Saturday, December 20, 2008

What is the Neo-African American Aesthetic?

Since I have begun tossing this term around as though it was already a part of the literary lexicon, I thought that maybe it would behoove me to formulate an official definition, in order that others might understand what I mean when I say it. First, I should talk about how I came upon it.

Actually, it was a collaboration. A community effort. It was coined in an all black, African American Studies class on the Harlem Renaissance. It evolved.

New Black Renaissance.

New Black Aesthetic.

Neo-Black Aesthetic Movement.

I don’t remember which name came first, but Neo-African American Aesthetic (NAAA) developed from a discussion about what we personally expected from the literature and art of our people in the Age of Obama. It does, in fact, proceed from a combination of the intellectual efforts of the leaders of the Harlem Renaissance and the Black Arts Movement, in which members sought to create a black identity based on the black experience.

The Harlem Renaissance, which took place roughly from 1919-1940, was divided into two camps which became the primary debate of the movement: Art vs. Propaganda. But generally speaking, black writers during this time “shared common literary experiences,” and Sterling A. Brown lists those as: “(1) a discovery of Africa as a source for race pride, (2) a use of Negro heroes and heroic episodes from American history, (3) propaganda of protest, (4) a treatment of the Negro masses…with more understanding and less apology, and (5) franker and deeper self-revelation”.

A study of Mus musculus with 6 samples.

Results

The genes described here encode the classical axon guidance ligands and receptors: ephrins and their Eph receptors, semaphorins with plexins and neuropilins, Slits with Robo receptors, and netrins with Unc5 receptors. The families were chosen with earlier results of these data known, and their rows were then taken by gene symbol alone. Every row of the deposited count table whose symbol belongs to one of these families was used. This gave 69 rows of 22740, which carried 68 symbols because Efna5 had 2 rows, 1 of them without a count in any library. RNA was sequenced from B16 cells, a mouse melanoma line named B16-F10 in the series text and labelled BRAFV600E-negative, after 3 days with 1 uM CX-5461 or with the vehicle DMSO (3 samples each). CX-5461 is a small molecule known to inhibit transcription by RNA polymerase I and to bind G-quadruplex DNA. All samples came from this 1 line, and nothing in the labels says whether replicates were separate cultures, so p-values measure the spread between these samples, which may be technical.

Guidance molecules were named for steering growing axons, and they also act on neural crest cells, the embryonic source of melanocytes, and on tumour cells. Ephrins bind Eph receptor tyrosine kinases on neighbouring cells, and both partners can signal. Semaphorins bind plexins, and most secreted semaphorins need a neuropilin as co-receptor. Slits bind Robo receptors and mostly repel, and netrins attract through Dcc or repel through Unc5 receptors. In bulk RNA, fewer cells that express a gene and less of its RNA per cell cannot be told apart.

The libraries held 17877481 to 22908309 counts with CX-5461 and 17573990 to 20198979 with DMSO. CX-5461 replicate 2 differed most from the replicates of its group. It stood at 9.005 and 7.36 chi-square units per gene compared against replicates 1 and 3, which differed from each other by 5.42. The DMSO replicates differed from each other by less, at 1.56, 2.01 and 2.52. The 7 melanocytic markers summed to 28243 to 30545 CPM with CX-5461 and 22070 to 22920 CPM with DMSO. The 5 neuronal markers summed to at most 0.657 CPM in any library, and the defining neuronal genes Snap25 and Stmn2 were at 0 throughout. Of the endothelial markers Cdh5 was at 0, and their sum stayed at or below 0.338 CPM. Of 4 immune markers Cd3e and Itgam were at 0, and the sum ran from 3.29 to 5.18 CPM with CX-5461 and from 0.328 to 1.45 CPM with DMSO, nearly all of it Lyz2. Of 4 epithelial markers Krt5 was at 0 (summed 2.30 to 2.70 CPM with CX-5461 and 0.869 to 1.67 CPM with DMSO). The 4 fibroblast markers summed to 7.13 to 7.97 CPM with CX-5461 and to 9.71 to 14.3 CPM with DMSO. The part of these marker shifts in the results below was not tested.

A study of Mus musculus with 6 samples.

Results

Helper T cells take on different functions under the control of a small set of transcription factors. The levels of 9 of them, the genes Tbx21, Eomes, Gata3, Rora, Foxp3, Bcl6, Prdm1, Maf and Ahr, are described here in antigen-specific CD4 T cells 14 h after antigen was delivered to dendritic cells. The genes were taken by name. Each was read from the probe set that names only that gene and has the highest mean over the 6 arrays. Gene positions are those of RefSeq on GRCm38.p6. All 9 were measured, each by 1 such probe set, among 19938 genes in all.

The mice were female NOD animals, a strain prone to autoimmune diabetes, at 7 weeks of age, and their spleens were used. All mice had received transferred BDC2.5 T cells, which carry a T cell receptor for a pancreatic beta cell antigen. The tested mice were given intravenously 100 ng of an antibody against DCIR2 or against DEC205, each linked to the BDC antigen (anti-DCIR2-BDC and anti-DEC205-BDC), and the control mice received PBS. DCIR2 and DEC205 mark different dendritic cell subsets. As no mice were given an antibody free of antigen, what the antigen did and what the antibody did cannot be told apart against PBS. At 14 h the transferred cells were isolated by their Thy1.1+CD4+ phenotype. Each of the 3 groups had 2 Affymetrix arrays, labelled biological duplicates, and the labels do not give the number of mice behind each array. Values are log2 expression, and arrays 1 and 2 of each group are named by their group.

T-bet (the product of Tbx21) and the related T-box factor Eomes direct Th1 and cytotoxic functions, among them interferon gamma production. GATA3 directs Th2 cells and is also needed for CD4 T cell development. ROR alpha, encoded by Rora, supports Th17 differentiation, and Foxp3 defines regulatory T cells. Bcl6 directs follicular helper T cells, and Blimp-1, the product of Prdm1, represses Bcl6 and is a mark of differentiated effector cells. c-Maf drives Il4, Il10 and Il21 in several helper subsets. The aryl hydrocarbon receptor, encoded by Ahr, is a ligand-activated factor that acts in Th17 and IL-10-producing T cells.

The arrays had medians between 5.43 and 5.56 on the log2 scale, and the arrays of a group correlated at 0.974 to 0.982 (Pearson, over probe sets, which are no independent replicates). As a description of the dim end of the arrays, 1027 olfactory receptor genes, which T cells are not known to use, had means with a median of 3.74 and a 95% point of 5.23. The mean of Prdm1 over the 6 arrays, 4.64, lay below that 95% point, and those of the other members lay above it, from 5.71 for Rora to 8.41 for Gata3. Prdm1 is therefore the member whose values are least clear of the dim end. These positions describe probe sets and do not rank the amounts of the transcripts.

The Black Arts Movement of the 60s and 70s, was spawn by young, politically conscious black artists who “proposed as one of its principal aims the grassroots mobilization and politicization of all black-identified people, using literature, music, dance, film and other art forms to achieve both artistic and political autonomy at any price”.

So, may I suggest, that the Neo-African American Aesthetic (NAAA) is a continuation of all these things. It is the best of both, with a 21st century awareness. It is art and propaganda reflecting the experiences of us all, the middle-class and the “low-down folks”. It is our beauty and our ugliness, however, presented in a way that is not always crass, not always proper, but always honest. It is an understanding that we no longer have to prove ourselves to be human and worthy to anyone but, each other. It is, in the Age of Obama, an understanding that “we can disagree without being disagreeable”. It is the profound declaration that who we are artistically is essentially priceless, and that no amount of money is worth selling our souls or the souls of our brothers and sisters. The Neo-African American Aesthetic (NAAA) should reflect our love of and commitment to craft, and it should always represent the apogee of our creativity, spirituality and humanity.

Source: The Handbook of African American Literature by Hazel Arnett Ervin
Artwork: John T. Scott, 1940-2007


Post-Soul is a name that is all ready out there from Mark Anthony terms of art...its been happening.

At 7:51 PM , Blogger persistence said...

Must learn about this Mark Anthony Neal...Thx.